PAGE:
When John Jairo, a meticulous night watchman, lost his job for leaving all of his employer's doors open, his family knew they were hit by the "Yarumal curse."
Yarumal, a Colombian village perched in the Andes Mountains, has a high incidence of a genetic mutation that predisposes its population to Alzheimer's - a bleak heritage that scientists now hope could help lead to a treatment to prevent the disease.
Jairo is just 49 but his brain has already been gnawed away by Alzheimer's, a disease caused by toxic proteins that destroy brain cells, leading to memory loss and death.
"I'm constantly afraid it will happen to me. Whenever I lose something, I tell myself it's because I've already got it," she said.
Her father, "who used to be so happy," has been reduced to a restless, sometimes aggressive ghost of himself, who tries to escape the house day and night, she said.
Last year, a neighbor with the same condition slipped out without anyone noticing. His family found him frozen to death in the hills nearby.
Inherited from the village's European ancestors, the "paisa" genetic mutation - named for the residents of the Colombian province of Antioquia -- causes a devastating form of early-onset Alzheimer's.
A single parent can hand down the mutation, located on the 14th chromosome.
Those who have it have a 50 percent chance of developing Alzheimer's, sometimes by age 40.
In some families, parents and children have progressed through the illness together, from memory loss to dementia.
But a talented neurologist named Francisco Lopera, who grew up in Yarumal, hopes there is a blessing in the village's curse.
Thirty years ago, Lopera, the head of the neuroscience program at the University of Antioquia, set himself an ambitious mission: to find a treatment to prevent Alzheimer's, the most common form of dementia in the world.
"Most treatments have failed because they're administered too late. Our strategy is to intervene before the disease destroys the brain," said Lopera.
For several months, he has been testing an experimental drug on a group of 300 healthy patients aged 30 to 60 years old who have the paisa mutation.
The results are expected around 2020.
The trials are part of a $100 million project financed by the National Institutes of Health and Banner Research Institute in the United States, as well as Swiss pharmaceutical group Roche.
The active molecule in Lopera's drug targets the beta-amyloid proteins that attack the brain.
The stakes are high worldwide: more than 36 million people suffer from Alzheimer's and, without a cure, the number could rise to 66 million in 2030 and 115 million in 2050, according to the World Health Organization.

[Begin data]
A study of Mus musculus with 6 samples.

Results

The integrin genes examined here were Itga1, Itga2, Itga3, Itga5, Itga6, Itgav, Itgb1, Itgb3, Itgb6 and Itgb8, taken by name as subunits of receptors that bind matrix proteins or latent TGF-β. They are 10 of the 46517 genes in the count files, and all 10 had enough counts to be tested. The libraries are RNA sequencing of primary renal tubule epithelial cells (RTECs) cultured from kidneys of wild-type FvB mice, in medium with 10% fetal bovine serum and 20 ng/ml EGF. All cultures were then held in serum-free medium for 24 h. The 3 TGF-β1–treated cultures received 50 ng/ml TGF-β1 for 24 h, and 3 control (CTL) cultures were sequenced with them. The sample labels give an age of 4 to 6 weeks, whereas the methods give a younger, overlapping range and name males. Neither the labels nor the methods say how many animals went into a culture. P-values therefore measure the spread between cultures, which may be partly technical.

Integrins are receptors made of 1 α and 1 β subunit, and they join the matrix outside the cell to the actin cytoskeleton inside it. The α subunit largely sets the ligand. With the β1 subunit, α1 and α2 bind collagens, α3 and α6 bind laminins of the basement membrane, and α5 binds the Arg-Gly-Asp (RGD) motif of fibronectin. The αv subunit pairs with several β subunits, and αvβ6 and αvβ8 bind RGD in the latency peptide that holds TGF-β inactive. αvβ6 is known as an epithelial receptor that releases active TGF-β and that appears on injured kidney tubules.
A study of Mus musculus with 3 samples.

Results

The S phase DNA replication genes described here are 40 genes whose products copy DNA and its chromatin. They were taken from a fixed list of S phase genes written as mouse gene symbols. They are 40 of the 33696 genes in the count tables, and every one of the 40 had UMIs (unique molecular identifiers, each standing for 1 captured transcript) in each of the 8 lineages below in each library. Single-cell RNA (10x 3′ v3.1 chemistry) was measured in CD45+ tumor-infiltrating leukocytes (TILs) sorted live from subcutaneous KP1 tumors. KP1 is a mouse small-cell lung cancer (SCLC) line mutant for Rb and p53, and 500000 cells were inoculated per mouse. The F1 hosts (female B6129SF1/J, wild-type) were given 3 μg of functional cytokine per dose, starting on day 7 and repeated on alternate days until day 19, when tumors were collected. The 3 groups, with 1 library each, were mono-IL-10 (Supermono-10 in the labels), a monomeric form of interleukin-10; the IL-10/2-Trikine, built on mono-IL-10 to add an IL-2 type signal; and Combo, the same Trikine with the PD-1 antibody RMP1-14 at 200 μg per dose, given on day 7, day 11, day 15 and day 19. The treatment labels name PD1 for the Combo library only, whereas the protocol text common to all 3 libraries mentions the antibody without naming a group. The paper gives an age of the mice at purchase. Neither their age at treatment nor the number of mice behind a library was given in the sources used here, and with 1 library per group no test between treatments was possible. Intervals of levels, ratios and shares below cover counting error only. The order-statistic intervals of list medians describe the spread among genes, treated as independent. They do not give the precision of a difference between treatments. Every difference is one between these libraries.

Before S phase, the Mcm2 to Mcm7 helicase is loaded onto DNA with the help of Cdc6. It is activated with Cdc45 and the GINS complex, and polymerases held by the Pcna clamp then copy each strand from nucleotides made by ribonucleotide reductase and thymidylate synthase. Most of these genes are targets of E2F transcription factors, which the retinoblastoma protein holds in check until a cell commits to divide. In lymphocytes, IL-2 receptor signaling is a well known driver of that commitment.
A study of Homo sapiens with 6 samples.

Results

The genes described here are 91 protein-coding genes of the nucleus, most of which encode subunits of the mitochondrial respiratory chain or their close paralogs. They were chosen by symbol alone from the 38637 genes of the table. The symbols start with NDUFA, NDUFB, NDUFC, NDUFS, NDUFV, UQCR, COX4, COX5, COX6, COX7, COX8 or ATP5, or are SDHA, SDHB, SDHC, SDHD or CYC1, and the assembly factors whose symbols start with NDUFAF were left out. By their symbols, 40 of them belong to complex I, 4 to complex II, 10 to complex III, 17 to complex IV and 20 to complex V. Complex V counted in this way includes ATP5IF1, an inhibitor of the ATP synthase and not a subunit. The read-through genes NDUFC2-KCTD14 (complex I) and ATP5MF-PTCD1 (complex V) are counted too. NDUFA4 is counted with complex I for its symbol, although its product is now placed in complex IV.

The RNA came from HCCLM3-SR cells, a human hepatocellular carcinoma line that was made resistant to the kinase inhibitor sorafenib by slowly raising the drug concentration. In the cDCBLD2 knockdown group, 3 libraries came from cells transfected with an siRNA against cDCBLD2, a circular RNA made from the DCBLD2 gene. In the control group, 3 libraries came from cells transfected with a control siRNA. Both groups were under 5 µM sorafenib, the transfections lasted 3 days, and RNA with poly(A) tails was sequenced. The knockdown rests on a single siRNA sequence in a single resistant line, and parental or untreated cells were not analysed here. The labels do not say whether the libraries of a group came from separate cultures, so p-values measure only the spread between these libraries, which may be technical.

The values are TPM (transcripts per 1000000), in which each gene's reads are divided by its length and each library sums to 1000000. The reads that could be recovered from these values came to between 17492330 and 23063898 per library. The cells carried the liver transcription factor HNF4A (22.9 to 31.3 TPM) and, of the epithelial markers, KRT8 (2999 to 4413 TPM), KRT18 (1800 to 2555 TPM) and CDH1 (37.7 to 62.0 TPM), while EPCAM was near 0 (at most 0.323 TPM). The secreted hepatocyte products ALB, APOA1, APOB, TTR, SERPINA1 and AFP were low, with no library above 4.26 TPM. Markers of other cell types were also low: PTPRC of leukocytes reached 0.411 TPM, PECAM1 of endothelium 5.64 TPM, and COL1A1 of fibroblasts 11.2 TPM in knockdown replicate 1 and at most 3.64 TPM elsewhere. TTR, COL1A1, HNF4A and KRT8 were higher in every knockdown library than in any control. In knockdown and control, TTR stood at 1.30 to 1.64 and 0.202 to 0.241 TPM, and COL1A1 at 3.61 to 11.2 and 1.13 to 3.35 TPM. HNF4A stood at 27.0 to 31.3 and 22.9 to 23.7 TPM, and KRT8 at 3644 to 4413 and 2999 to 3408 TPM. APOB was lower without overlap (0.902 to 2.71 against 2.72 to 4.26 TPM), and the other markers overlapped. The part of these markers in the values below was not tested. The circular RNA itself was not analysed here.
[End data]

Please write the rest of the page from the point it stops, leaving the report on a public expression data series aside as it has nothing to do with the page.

That's nearly one new case every four seconds -- three times the rate of HIV infections.
"We don't know what causes Alzheimer's, but for one percent of the cases worldwide, it's genetic in origin. And that opens a very important window toward finding a preventive treatment," said Lopera, who estimates 5,000 people are at risk in and around Yarumal.
At his university, a small room filled with refrigerators and formaldehyde jars holds a "brain bank" created with organ donations from local residents -- an invaluable research source.
"It was very hard for them to accept, in addition to their suffering, donating their loved ones' brains," said Lucia Madrigal, a nurse in the neuroscience department who organizes cognitive stimulation workshops for patients.
"But without that social link, the scientific project could never have seen the light of day," she said.
Herself a fit 60-something with no plans to retire, she has lived Yarumal's nightmare along with residents.
"Some say they'd rather kill themselves. Then they get sick and they forget," she said.
Marta -- an energetic, 72-year-old grandmother from Yarumal who has settled in the regional capital Medellin -- said she is praying for Lopera's treatment to work.
Two of her daughters, aged 43 and 47, are suffering memory loss and "becoming small children again," she said.
Another daughter, 53-year-old Alitee, is "just a body" who drinks from a baby bottle.
"I've trusted my children to God. It's his decision," she said.